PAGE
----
Not to be aligned with American's (nonexistent) leftward swing, and not for the Palestinians' sake, but because it's Israel's only truly viable option

One sentence from David Horovitz’s interview with former ADL head Abraham Foxman last week burned itself so deeply into my retinas that I’m still seeing spots on the left side of my field of political vision. “Israel,” he claims, “is moving to the right…America, its most important, significant ally, is moving leftward.”

Mr. Foxman’s key takeaway from the tsunami of liberalism sweeping America? Israel needs to get on America’s side of history, and reaffirm our support for a two-state solution.

And the fact is, Israel should clearly, immediately, and sincerely reiterate our support for a two-state solution. But we don’t need to do so for the world, and OMG not for America.

We need to do it for us. And, no, it doesn’t matter if it’s currently viable or not.

Here’s Why NOT

We don’t need to support a two-state solution because the UN, the EU or the ICC have some kind of moral high pulpit from which to preach.

Because they SO don’t.

And we don’t need to because we’ll never have normalized relations with our Arab or other neighbors until we do.

Because, well, the Abraham Accords? Economic and geopolitical interests: 1 Ideology: 0.

And we sure as heck don’t need to do so because the American sociopolitical pendulum is swinging so rapidly leftward that Antifa is already planning its own MDMA-fueled naked Capitol-storming Big Lie party.

Because it’s SO not.

In the real America, 80% of Republicans surveyed don’t outright reject the premise of QAnon—which now has as many adherents as there are white evangelical Protestants. The real America is far too busy outlawing abortion, buying guns and investing in bulletproof smiley backpacks to protect their children from school shootings (because, not enough guns, clearly). For most of America, it’s tough to find the time between antisemitic frolicking, restricting minority voting rights and paying off medical debt to live up to Mr. Foxman’s rosy left-leaning vision of the future.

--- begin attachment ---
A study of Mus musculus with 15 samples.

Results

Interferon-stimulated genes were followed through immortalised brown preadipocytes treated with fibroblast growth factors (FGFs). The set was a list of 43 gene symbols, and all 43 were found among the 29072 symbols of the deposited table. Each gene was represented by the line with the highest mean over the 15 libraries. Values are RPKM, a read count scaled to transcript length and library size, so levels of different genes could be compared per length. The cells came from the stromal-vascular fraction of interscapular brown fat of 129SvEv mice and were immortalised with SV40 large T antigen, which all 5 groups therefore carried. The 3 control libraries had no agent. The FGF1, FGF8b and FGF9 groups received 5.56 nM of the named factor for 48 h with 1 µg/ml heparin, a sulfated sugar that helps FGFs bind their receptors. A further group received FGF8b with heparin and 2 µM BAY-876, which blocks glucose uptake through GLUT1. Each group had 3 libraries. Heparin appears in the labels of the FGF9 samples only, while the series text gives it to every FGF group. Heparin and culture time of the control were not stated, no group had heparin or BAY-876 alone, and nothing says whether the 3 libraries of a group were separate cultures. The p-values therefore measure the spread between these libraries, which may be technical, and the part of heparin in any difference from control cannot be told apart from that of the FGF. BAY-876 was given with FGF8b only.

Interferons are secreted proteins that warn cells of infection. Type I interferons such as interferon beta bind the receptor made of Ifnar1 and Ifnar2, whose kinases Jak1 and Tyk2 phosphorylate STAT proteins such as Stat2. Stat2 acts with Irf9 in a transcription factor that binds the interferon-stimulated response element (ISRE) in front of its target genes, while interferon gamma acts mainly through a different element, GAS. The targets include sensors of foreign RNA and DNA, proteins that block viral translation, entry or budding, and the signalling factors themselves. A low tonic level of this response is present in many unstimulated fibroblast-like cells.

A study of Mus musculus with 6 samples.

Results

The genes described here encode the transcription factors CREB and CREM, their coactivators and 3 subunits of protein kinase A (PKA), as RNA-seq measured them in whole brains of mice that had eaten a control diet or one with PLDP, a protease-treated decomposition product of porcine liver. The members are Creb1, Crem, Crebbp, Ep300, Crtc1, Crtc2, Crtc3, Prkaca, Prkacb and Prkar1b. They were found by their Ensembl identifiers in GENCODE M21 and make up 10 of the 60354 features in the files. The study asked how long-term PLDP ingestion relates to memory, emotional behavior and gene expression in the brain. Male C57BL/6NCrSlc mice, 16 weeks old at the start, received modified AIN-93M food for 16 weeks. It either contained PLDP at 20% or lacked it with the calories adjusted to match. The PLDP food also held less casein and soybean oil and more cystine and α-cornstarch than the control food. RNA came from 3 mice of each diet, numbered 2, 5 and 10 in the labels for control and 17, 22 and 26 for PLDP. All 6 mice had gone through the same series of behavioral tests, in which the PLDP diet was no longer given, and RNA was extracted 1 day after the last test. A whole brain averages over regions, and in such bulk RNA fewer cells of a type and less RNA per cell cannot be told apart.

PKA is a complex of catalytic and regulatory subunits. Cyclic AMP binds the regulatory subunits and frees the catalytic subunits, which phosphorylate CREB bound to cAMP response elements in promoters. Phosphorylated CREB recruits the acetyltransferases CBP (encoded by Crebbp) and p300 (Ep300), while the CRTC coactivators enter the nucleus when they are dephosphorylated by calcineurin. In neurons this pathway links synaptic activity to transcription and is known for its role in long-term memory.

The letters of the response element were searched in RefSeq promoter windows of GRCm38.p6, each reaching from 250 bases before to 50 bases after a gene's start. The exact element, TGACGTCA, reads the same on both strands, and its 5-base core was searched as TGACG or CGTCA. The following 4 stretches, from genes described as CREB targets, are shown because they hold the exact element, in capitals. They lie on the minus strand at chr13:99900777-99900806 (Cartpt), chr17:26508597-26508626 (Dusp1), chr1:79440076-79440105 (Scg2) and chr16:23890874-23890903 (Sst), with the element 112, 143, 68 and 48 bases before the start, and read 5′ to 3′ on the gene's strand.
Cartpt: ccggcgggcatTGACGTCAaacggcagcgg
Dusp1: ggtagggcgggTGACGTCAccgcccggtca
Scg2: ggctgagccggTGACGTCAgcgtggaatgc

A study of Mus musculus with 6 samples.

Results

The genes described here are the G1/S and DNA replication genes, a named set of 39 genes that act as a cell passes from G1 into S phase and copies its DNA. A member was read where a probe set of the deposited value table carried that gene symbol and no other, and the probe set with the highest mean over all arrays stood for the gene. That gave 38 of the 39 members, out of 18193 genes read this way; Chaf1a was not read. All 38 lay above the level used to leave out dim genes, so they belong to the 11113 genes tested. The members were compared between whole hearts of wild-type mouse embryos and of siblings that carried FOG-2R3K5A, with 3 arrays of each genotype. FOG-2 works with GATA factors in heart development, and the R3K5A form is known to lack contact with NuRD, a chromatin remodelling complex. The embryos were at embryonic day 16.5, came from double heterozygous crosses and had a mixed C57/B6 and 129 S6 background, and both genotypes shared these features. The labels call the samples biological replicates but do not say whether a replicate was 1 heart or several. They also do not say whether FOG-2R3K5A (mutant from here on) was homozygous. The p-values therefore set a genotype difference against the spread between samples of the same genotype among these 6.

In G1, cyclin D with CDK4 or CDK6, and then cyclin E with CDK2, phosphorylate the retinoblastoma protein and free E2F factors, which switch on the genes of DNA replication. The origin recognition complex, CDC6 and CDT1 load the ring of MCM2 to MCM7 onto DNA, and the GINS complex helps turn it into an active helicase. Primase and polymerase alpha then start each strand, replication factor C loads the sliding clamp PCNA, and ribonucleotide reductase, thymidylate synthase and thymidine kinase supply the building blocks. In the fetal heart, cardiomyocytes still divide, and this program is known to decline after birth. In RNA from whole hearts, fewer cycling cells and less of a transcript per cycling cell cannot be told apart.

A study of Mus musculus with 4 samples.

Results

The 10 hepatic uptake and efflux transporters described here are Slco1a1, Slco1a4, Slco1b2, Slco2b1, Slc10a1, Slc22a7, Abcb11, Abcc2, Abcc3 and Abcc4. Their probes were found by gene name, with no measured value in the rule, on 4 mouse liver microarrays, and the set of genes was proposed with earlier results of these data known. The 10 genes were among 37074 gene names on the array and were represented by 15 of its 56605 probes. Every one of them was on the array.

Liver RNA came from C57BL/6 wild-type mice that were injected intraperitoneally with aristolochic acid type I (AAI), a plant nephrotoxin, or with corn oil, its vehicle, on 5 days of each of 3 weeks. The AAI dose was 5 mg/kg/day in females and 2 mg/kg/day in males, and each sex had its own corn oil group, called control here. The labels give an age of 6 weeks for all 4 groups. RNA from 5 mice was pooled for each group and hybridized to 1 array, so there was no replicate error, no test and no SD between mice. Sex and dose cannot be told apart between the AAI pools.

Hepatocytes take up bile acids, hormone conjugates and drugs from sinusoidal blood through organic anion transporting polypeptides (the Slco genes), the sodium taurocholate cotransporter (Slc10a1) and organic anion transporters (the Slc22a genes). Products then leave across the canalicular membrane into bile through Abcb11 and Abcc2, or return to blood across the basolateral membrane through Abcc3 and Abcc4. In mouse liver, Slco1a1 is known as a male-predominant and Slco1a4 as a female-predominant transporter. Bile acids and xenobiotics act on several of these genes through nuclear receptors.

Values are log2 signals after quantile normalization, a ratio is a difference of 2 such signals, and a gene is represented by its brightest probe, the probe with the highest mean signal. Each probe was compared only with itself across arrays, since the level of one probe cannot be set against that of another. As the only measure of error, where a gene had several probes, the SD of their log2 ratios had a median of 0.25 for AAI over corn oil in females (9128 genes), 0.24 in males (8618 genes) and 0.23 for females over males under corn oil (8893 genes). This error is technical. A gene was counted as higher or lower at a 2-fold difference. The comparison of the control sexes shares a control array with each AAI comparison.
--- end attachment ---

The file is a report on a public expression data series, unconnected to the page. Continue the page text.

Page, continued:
So, no real pressure there.

And we don’t need to pretend that actual progress can be made while Mahmoud Abbas and his cronies continue to barricade themselves in the Mukataa, or while Ben Gvir and his hilltop homies roam the halls of the Knesset looking for Arabs and/or LGBTQ folk to beat up.

Heck, we don’t even need to do it because it’s the right thing to do for the Palestinians – who’ve developed opportunity missing into an art form, invest far more collective energy in self-victimization than in the self-examination needed for society-building, and will likely end up governed by Hamas because of it.

 Here’s Why YES

There is one single reason that we need to navigate our ship of state towards a two-state solution despite the dock not yet being viable. We need to do it because the military occupation of nearly three million Palestinians is not a viable, multigenerational solution.

It just isn’t.

As I mentioned in my last post, I’m OK with moral gray areas. If occupation could work for another 100 years and carried no international or internal price tag, yalla.

But it won’t. It’s been broken for a long time, and it’s not getting better. And, more importantly, it’s breaking us.

So, yeah, there’s no viable two-state option right now. I get it. But if we can win multiple wars against insurmountable odds, build a tech sector that fuels a powerhouse economy, become the sole superpower in the Levant, conquer Covid and invent Bamba – can’t we at least agree to steer towards the only truly viable port out there, even as we start to look for ways to apply our collective innovation towards helping the other side build a damn dock?

About the Author
Steven Greenberg is an award-winning novelist (see , a professional writer (see, and a full-time cook, cleaner, chauffeur and single dad for three young adults (see his dishpan hands). Born in Texas, Steven grew up in Indiana and emigrated to Israel just months before the first Gulf War in 1990. He's a former combat medic in the Israel Defense Forces, who never learned to properly salute despite his rank of Sergeant. And he's a career marketer, who's run a home-grown marketing boutique since 2002.